The English used in this article or section may not be easy for everybody to understand. (April 2013)
Dysthymia (also called dysthymic disorder or neurotic depression) is a type of mental illness called a mood disorder. People with dysthymia have depression that is mild to moderate and lasts for years.
The symptoms of dysthymia and major depressive disorder are similar. Both disorders can have serious effects on the body, mind, and emotions. Physical symptoms can include changes in appetite, low energy, feeling tired, and trouble sleeping. Mental symptoms include difficulty making decisions or concentrating. Emotionally, people with either disorder often feel hopeless and have low self-esteem. However, even though both disorders have similar symptoms, these symptoms are usually less severe with dysthymia.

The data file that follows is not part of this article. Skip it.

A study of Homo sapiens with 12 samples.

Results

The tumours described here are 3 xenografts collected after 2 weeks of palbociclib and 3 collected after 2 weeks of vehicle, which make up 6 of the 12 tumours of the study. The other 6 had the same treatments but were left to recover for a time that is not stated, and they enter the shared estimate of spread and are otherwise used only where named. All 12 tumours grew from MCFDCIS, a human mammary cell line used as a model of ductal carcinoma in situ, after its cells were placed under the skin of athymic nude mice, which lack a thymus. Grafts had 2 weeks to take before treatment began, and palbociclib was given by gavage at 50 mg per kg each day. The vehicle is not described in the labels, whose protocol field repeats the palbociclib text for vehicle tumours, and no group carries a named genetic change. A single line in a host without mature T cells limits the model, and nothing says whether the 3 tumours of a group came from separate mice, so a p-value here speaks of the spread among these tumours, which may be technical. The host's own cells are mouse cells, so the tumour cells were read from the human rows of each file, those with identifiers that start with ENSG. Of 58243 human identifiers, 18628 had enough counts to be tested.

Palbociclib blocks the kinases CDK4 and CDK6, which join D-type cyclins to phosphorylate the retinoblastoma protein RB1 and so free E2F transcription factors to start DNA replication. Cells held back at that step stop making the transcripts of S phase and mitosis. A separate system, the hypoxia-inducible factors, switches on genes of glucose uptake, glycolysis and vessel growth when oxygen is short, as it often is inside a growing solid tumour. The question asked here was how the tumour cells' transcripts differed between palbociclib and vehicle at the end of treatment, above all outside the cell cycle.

In comparison to people with major depressive disorder, people with dysthymia may think about suicide and try to kill themselves. Dysthymia does not involve mania, hypomania (mild forms of mania), or mixed episodes (where a person has symptoms of both depression and mania).
Sometimes, people with dysthymia have "double depression." This happens when a person with dysthymia has episodes of major depression (where their depression gets much worse) on top of their existing dysthymia.
Dysthymia usually affects adults, though it can affect teenagers. People who are diagnosed early (before age 22) usually have more severe relapses (where they return to being dysthymic after having been healthy), and are more likely to have other mental illnesses along with their dysthymia.